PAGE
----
There is nothing that gets regular people more riled up than airlines' checked bag fees, increased tolls, or sudden hikes in gas prices. They hate spending extra money on travel, especially when they feel they have no control over the seemingly random price. Unfortunately for the expert commenters on this blog, this type of grumbling represents the lion's share of the general public's experience with transportation policy. The area man only notices infrastructure when it hurts him.
Consumers see the transportation system in a way that the industry doesn't, as Innovation Briefs Publisher Ken Orski pointed out in his comment last week. They don't see crumbling bridges. They see a line of cars in front of a toll booth to cross that bridge.
Here are a few examples of how the public interest in transportation issues is sparked by consumers' wallets:
* In Virginia, there are squabbles over Republican Gov. Bob McDonnell's proposal to put new tolls on Interstate 95 to pay for reconstruction of U.S. highway 460. Republican senatorial candidate George Allen has also expressed concern that the Northern Virginia's Washington-Dulles Toll Road will be saddled with huge increases to pay for a new metro rail line.
* My colleague Niraj Chokshi moderated a panel last week sponsored by the Open Allies for Airfare Transparency, where consumer advocates and independent air travel sellers argued for new rules requiring airlines to include ancillary fees in prices listed independent web sites. It's a hot issue for passengers, but it's more complicated than it appears on first blush. The airlines say that such regulations would tie their hands in terms of offering package deals customers and quash the industry's ability to create new, potentially market-shifting travel experiences like plush seating.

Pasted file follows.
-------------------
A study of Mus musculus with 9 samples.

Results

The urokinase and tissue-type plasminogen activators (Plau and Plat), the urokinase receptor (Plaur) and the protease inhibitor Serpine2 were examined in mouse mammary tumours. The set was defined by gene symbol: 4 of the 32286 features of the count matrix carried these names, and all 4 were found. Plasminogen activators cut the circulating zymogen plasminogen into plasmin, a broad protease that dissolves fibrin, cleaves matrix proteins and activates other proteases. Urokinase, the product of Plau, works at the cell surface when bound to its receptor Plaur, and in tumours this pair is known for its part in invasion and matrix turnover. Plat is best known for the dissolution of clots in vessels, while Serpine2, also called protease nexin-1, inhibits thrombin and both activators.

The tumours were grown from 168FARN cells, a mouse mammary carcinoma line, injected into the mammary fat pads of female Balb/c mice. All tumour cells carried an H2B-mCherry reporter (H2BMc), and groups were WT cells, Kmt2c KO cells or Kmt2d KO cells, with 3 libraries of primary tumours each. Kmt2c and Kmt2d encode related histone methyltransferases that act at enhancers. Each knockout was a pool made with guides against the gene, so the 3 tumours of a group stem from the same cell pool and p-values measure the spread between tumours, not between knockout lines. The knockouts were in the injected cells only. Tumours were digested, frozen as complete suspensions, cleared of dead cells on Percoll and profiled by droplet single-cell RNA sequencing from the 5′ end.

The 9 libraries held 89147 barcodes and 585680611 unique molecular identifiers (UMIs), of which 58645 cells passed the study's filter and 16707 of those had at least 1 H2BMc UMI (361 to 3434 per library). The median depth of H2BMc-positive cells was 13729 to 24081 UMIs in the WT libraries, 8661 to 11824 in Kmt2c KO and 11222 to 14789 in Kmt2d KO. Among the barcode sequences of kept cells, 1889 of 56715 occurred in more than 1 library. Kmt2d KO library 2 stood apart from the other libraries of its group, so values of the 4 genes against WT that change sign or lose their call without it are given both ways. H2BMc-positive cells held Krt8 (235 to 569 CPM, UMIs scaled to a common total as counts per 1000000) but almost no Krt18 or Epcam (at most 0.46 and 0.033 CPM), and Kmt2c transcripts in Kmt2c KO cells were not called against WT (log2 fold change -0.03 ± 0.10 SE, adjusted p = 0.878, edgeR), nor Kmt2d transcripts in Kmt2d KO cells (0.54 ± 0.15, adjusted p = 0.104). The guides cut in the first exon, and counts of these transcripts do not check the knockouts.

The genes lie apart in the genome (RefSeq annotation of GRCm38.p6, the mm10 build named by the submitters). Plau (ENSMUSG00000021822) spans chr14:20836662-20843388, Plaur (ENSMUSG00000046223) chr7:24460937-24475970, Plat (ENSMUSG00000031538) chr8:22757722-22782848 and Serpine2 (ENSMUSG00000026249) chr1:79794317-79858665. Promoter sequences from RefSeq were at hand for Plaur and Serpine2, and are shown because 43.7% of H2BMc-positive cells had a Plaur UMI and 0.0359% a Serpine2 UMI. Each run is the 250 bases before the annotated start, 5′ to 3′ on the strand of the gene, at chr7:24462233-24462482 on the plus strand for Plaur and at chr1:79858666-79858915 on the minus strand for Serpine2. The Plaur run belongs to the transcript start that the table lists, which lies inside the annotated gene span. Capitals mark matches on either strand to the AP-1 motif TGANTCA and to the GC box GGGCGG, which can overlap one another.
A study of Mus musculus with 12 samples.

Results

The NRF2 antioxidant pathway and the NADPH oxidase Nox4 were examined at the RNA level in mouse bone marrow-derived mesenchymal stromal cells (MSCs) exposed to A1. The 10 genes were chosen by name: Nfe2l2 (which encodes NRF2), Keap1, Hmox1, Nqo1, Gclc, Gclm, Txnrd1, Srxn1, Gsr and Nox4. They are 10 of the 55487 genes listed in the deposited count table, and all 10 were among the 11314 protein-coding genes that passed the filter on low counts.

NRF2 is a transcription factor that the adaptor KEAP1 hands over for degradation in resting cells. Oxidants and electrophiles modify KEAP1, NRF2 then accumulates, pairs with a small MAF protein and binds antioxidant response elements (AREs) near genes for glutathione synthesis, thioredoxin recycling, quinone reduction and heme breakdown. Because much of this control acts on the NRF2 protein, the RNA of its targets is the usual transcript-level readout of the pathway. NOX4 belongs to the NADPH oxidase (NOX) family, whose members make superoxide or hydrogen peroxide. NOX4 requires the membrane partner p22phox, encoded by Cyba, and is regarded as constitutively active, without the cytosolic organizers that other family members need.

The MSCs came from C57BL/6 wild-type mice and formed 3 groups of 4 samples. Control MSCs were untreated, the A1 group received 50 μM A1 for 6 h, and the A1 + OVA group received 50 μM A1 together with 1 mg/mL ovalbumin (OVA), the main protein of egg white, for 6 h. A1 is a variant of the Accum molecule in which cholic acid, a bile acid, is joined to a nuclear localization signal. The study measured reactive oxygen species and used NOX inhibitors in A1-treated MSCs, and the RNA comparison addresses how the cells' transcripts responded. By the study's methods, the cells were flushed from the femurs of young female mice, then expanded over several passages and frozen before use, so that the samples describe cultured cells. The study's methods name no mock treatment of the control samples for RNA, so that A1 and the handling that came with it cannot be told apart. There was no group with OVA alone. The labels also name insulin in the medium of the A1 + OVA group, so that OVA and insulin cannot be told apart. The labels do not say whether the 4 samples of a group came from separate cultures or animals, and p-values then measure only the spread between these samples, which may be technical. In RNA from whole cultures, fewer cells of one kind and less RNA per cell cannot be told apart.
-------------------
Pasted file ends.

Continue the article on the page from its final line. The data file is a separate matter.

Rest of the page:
* President Obama and Republican presidential nominee Mitt Romney went deep into energy issues in last week's town hall debate. They talked about new drilling and clean energy. But let's not forget how they got there. The question was actually about gas prices, specifically whether the government should try to lower them. Even the experts can't agree on the government's role. Obama and Romney answered the question by talking about oil drilling (Romney) or clean energy (Obama)--things that have little direct connection with the price at the pump.
Does it make sense that consumers are often the last to find out about government policies that impact their own finances? How can the link between consumers and infrastructure wonks be drawn more closely? Are there layers of complexity that make a consumer-friendly dialogue impossible? How do airlines, toll booth and turnpike operators, or transit authorities respond to their customers' discontent? Is it worth it to try to engage them about broader transportation policy? If so, how?